Surging north, Hurricane Bill threatens Bermuda, East Coast
N.E. forecasters expect it to miss Nantucket Sunday
MIAMI - Hurricane Bill howled over the open Atlantic as a dangerous Category 4 storm yesterday, and it could be energized by warmer waters as it moves north.
Forecasters said Bill should begin pushing large swells toward Bermuda and parts of the southeastern US coast by the weekend, but it wasn’t yet clear how close the storm will come to land.
In New England, the National Weather Service office in Taunton said the hurricane is expected to pass about 200 miles east of Nantucket Sunday, but it warned that dangerous surf and rip currents will make conditions treacherous at south-facing beaches. Waves as large as 20 feet expected east of Nantucket, reaching up to 50 feet in the rich fishing grounds of Georges Bank and Grand Banks.
The National Hurricane Center also said people in the Leeward Islands should keep an eye on the storm, though its core was expected to pass well to the northeast of the chain in the next 24 hours.
Fishermen in Antigua were advised to dock their boats.
As strong as Bill already is, it could get stronger because it’s traveling into warmer waters in the Atlantic that could intensify the storm, said senior hurricane specialist Lixion Avila.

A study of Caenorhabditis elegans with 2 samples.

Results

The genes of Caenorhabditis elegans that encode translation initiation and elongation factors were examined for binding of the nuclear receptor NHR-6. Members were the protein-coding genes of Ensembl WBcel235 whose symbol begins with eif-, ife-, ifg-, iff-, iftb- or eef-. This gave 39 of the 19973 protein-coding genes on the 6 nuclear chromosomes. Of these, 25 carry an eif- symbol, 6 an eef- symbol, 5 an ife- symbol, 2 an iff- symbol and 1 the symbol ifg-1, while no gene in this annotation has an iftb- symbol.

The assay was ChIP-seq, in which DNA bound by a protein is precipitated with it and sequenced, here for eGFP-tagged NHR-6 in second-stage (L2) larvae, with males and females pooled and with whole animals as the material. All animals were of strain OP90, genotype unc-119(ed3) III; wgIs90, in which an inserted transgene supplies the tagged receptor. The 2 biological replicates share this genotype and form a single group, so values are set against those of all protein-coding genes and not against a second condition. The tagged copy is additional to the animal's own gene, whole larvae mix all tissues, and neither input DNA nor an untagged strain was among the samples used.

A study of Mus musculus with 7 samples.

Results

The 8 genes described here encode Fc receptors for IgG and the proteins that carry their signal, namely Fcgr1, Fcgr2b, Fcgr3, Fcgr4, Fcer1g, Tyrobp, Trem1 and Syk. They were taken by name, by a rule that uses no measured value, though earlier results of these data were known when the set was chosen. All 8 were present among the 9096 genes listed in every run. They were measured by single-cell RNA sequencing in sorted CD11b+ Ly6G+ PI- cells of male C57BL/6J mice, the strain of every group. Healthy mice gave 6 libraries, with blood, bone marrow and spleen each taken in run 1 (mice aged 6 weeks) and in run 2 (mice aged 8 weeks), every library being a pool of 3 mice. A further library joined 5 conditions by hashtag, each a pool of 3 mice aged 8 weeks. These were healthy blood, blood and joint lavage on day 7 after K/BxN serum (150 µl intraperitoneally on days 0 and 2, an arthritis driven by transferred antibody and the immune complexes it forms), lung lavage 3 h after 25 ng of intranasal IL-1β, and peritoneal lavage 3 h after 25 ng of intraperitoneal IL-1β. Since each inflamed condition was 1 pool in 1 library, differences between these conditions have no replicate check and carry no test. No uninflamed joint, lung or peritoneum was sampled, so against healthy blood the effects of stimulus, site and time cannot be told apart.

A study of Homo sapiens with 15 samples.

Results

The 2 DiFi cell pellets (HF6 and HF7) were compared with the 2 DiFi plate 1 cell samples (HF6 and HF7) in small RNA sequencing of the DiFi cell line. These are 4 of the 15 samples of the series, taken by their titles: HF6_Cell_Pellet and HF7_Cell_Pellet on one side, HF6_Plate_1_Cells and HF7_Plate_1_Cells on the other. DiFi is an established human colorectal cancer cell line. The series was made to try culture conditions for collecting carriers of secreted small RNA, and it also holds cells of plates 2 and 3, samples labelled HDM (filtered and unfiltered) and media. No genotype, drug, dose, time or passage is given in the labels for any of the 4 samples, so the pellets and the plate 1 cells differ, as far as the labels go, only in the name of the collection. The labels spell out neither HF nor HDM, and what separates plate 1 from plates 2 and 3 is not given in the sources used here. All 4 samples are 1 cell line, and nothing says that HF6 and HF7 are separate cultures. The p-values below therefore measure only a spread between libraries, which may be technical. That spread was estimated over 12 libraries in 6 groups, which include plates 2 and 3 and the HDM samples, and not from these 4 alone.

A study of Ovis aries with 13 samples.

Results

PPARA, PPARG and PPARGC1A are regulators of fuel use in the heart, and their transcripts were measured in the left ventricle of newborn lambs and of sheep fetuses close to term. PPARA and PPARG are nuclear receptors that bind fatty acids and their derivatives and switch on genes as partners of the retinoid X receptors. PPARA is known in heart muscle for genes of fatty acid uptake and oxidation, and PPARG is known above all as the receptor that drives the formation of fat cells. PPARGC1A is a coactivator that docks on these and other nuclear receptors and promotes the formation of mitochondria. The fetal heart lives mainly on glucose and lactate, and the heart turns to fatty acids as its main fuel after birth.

“The warm ocean is like the fuel for car,’’ Avila said yesterday. “If you get high-octane gas you get more power - that’s what warmer water does.’’
Bill was maintaining a top wind speed of 135 miles per hour yesterday, hours after it became a Category 4 storm, and forecasters said it could get stronger. The storm’s center was located 335 miles east of the Leeward Islands and it was moving west-northwest near 20 miles per hour.
The most significant threat could be to Bermuda, which the storm could pass in three or four days, forecasters said.
But it also could move directly between Bermuda and the eastern coast of the United States without making landfall.
It was too early to tell if Bill would veer close to shore over the weekend or swing away from the East Coast of the United States, but the five-day forecast predicted its center would pass well offshore of the North Carolina-Virginia line Saturday.